Landus partners with Defensewerx to tap global innovation ecosystem to solve farmers’ challenges

Iowa farmers will get a hand in finding solutions to some of their biggest challenges under a new, innovative partnership between Landus Cooperative and Defensewerx, a nonprofit that is the world’s largest innovation ecosystem serving the nation’s leading national security, defense and intelligence communities.

Through the partnership with Landus, Defensewerx, an intermediary known for solving problems through its international network of people, businesses, academic, and nongovernmental and government agencies, created Landwerx, an agricultural innovation hub based at the Landus Innovation Connector in Des Moines.

The new partnership will bring that international network of expertise to the table to help solve some of agriculture’s most pressing problems, leaders of both organizations said after the joint venture was announced on May 4.

“We’ve had 30 to 50 farmers involved in this since the beginning and it’s been really eye-opening to us what a traditional agriculture business feels their need is,” said Matt Carstens, president and CEO of Landus, the state’s largest farmer-owned cooperative. “There are issues around health insurance and sustainability, and downstream engagement with that consumer through sustainability. All that was on the majority of farmers’ minds. So the commonality is very high.”

Other challenges could range from addressing labor shortages to improving equipment and addressing deficiencies in infrastructure, among others.

Carstens said not every farmer will need every solution, but Landus will not bring an issue to Landwerx until at least 50% of its customers identify what is needed.

Carstens said investment funding and reducing health insurance costs are two of the biggest issues identified by farmers.

“Farmers are paying somewhere between $20,000 and $50,000 a year” on health insurance, he said.

Brad Chedister, chief technology and innovation officer of Defensewerx, will serve as the principal innovation adviser for Landwerx. What Landwerx will do is take a challenge identified by farmers and tap into its innovation ecosystem to see if a solution already exists. If not, it will provide opportunities for a company or individual to develop a solution, Chedister said.

“We’ve painstakingly built this ecosystem of 140,000-plus innovators, makers, doers, industry, government, academia, historically Black colleges or universities, hackers, people who wouldn’t normally work in this space, we’ve lowered the barrier of entry to make it easy for them to work here,” Chedister said.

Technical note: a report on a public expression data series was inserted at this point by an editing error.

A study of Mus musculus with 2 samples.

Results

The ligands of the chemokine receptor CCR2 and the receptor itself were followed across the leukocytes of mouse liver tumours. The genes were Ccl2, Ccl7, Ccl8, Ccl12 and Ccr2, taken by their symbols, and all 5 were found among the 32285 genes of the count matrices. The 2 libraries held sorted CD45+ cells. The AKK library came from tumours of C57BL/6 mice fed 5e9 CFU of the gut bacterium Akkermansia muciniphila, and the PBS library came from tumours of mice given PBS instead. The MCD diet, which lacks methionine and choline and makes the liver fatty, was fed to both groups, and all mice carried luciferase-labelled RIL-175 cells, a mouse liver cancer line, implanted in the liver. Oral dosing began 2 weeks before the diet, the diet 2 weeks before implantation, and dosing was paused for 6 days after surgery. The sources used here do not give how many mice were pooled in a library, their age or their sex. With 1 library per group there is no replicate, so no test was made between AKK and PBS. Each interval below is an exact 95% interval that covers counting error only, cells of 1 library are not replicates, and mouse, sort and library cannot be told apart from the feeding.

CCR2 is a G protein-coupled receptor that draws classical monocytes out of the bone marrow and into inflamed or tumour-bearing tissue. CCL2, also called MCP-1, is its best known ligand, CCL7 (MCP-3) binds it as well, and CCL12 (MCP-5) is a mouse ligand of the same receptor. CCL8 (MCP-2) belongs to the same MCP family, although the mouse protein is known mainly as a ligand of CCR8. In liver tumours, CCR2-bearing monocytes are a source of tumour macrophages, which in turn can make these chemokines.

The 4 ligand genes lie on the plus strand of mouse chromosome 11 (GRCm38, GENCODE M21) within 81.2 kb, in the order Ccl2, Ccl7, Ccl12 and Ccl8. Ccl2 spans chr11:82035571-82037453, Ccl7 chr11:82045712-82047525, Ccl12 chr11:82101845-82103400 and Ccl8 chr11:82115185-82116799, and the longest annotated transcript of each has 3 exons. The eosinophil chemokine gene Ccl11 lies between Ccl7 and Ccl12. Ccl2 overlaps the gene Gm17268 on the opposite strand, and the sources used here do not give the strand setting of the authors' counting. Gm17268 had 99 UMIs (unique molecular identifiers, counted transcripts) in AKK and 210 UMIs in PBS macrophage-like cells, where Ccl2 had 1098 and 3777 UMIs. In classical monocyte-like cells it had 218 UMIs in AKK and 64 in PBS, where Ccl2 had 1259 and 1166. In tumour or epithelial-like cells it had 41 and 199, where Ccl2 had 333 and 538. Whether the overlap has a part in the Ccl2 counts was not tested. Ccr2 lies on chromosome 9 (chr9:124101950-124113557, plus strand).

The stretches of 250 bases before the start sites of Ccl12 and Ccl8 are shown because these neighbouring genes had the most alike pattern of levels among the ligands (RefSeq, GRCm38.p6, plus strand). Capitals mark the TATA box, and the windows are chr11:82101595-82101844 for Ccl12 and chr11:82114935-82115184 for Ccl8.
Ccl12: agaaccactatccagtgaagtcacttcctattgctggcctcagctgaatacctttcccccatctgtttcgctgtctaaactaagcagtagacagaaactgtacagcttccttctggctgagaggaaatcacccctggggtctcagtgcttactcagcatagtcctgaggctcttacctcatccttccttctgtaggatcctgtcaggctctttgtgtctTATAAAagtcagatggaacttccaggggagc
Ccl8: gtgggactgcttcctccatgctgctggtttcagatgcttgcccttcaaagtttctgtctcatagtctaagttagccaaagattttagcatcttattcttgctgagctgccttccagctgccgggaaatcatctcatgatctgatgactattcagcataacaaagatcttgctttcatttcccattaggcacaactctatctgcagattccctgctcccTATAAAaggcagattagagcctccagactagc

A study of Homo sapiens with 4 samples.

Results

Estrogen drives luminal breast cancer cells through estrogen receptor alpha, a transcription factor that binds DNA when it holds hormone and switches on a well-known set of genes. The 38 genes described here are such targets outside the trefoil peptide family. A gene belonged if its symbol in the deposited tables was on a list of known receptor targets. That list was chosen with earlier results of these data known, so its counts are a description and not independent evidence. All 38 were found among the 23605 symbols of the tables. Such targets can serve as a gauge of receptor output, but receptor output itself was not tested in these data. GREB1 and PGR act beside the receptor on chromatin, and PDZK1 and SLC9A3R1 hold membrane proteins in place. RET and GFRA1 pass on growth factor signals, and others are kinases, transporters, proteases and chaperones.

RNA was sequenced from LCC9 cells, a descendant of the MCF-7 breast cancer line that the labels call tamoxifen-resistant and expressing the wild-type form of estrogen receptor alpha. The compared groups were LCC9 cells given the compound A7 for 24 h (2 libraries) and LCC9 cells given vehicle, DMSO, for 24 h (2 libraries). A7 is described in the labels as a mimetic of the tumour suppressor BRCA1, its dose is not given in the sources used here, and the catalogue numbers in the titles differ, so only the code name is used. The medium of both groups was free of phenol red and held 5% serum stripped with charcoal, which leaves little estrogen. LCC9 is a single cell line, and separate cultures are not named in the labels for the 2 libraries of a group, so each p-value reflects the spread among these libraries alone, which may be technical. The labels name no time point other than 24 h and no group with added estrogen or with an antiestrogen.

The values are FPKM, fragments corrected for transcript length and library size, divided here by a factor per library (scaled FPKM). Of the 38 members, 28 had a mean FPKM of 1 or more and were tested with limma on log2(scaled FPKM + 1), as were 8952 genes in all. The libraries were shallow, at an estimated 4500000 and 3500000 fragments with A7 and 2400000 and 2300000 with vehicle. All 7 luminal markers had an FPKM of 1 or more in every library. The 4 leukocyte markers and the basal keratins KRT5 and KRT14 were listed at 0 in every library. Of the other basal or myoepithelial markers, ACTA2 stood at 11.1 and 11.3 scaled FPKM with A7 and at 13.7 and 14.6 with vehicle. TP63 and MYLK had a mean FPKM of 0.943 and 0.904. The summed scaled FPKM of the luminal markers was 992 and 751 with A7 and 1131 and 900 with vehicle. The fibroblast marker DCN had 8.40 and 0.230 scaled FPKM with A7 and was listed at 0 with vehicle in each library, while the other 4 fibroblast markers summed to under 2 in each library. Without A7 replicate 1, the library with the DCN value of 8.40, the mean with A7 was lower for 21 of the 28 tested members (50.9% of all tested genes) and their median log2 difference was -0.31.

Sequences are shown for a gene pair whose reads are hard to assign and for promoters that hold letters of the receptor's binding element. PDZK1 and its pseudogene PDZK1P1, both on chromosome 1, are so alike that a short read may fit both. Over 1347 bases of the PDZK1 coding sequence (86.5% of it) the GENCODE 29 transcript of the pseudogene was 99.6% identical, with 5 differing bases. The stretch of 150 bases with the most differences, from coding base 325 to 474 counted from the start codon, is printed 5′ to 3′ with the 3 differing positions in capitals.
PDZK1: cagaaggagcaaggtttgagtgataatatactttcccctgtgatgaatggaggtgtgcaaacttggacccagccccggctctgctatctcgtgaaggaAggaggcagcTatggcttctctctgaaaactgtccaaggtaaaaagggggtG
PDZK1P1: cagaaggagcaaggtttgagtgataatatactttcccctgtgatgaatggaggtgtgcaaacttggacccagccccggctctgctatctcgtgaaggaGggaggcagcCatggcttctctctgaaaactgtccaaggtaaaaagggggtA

Initial funding for Landwerx is through Landus, but Landwerx will also seek and apply for federal and state grants, as well as seek funding from partner organizations that may be working on developing solutions to problems through the organization’s ecosystem.

Carstens said Landwerx is already working on the health insurance challenge.

“They brought us a company that we didn’t know existed, and we started having discussions with them and they reached out to some larger players and smaller players,” he said. “We found some options that are very traditional in coverage that should be beneficial and we found some nontraditional insurance that will be beneficial for some of our farmers.”

“It’s a great example that we’re excited to bring forward in the months to come,” Carstens said. “It’s a huge issue for our farmers, and it’s unacceptable that farmers should not have access to good health care that is affordable. We need to push the envelope of what’s possible and look beyond and help be a part of that as their cooperative.”

Chedister said Landwerx and its ecosystem don’t just provide innovation around product development, but also innovation around processes.

That ecosystem includes the Defence Innovation Alliance for Northern Atlantic, which is made up of 38 nations and is one of the largest venture capitalist and private equity conglomerates in the world, he said.

Carstens said the ecosystem isn’t just about equipment, data or technology.

“It’s about any issue that ag has,” he said. “Ag is land, food, fuel security, and that is national security. So when you bring these together, what a powerful source we have.”

He said the partnership with Landwerx can be a game-changer for agriculture.

“Agriculture, like many industries, is stuck in a lot of things for profit, for stuff, for shareholders, for something other than the core,” Carstens said. “That’s what this has got to be focused on. If a company can make money off it, God bless, but we have this whole thing in ag reversed. The funnel is upside down. We’ve got to reverse this and get to where it really matters.”

And he said where it matters is where it can help the farmer and eventually the consumer.

Carstens said he thinks the Landwerx partnership can be a model that is emulated by other industries around the world. Chedister said the concept is “absolutely repeatable.”

“We started with an innovation hub, and now we’re the world’s largest collective of innovation hubs and supportive initiatives,” he said. “This is a proof of concept that is going to be successful based on case studies that have already been successful. This proof of concept is based on a lot of baseline architecture [that has been] built up and successful.”